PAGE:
The death of Muammar Qaddafi means that a 40-year era of repression in that oil rich country is over. That is good news. But the next 48 hours will be crucial in determining Libya's future.
This is the moment of truth for the Transitional National Council and its chairman Mustafa Abdel-Jalil and prime minister Mahmoud Jabril..
So far, the TNC has been unable to establish order or a political consensus among its 35 members from different regions, tribes, and ideologies. Nor has it been able to give control either its Military Council, nor the numerous militias throughout Libya that have been running their own towns and competing for control.
Interim Prime minister Jibril has already said that he will not participate in a new government. And the TNC has stated its intention to hold elections for a Libyan parliament within eight months.
But none of this can happen unless order is restored and stability assured by Libya's acting government. That is far from certain.
So celebration is premature. Half of the TNC members continue to live in Benghazi; others are now in Tripoli. Various spokesmen contradict one another about basic facts regarding the economy, political maneuverings, and the militia which provides security at some key government ministries. The airport is controlled by another militia. A huge political fault line between Libya's east and west remains. Of Libya's 140 tribes, those that remained loyal to Qaddafi's forces have complained about grave human rights abuses at the hands of government-backed and independent militias.
Only last week as a delegation from the International Monetary Fund and the World Bank were meeting at the Finance Ministry in Tripoli, unknown armed militia men disrupted the meeting and "arrested" a Libyan member of the Ministry of Finance delegation as the astonished visitors looked on, according to Libyan press reports.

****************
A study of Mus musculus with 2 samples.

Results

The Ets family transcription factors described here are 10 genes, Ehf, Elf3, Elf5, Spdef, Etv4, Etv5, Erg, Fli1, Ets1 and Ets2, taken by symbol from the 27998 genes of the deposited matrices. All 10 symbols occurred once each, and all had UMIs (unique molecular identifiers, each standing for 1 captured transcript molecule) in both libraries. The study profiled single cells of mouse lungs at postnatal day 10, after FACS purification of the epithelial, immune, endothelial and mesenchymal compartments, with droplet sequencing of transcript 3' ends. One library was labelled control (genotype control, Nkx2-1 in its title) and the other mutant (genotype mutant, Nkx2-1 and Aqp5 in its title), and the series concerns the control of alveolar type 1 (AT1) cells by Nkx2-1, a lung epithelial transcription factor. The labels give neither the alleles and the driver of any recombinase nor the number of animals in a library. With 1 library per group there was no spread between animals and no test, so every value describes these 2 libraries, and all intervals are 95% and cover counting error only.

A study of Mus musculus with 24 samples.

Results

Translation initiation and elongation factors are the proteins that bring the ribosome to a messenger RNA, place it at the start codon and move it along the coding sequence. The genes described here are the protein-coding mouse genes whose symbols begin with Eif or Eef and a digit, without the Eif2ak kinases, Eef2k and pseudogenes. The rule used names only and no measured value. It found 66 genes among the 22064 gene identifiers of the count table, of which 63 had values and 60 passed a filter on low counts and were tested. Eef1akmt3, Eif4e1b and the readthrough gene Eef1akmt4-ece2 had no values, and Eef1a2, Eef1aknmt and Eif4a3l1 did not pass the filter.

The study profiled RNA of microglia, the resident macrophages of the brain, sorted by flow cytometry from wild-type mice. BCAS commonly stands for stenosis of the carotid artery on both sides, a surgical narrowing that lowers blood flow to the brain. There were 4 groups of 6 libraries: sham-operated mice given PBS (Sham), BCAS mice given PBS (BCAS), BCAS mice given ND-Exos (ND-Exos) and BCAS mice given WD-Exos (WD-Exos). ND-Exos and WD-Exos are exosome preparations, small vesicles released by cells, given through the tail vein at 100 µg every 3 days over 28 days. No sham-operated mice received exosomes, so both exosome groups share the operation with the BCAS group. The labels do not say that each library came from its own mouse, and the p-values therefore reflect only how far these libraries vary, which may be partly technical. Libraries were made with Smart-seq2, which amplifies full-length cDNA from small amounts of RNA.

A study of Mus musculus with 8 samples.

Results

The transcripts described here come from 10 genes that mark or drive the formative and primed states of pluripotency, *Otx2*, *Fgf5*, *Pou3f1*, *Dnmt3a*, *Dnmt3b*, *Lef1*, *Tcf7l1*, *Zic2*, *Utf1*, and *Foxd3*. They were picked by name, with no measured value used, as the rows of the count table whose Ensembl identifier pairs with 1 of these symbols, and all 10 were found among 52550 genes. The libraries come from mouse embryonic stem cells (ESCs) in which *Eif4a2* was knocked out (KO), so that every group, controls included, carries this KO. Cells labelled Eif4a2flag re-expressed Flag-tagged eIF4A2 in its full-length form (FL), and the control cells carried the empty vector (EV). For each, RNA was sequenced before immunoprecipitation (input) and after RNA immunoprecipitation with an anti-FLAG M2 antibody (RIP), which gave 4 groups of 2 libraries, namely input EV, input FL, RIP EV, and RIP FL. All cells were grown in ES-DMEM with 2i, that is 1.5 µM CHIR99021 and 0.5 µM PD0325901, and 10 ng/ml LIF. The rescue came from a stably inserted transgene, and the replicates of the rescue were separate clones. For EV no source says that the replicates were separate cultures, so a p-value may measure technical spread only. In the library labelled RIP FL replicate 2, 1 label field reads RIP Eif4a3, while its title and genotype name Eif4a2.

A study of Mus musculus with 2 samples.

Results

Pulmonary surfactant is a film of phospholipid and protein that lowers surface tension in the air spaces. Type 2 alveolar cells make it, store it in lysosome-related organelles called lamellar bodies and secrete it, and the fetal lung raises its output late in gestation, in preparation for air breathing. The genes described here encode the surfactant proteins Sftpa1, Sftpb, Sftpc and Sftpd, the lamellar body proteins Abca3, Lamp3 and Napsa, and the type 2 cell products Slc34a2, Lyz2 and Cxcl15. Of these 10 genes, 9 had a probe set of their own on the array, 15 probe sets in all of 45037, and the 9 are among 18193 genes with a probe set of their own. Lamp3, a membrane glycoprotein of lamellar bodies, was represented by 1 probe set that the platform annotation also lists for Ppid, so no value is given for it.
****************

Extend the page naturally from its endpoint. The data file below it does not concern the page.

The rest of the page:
The problem is not money. Libya is one of the world's largest producers of "sweet," light crude oil. And the U.S. has contributed $135 million in aid to Libya's new leaders since February, when popular unrest and armed militias forced Qaddafi from power. The Libyan assets that were frozen after Qaddafi was forced to flee are being unfrozen and money has been flowing, though not quickly enough, the TNC complains, to the rebels.
But the TNC has not yet consolidated control of the country. If it can't get its act together, the most extreme elements – Islamist "Salafists" and other religious radicals who have been roaming Tripoli desecrating Sufi Muslim tombs, which they consider "unIslamic" – may assert themselves in greater numbers and with greater fury. The result could be anarchy or ongoing civil war.
So this is potentially a great moment for Libya. Its version of the "Arab Spring" which erupted in February and forced Qaddafi and his rapacious family from power, has now prevailed. But without American or NATO boots on the ground, and without a Libyan army that is loyal to the TNC and able and willing to restore order, Washington will just have to hope that the TNC can achieve the control that has so far seemed beyond its grasp. This is a moment of triumph. It is also a moment of maximum danger.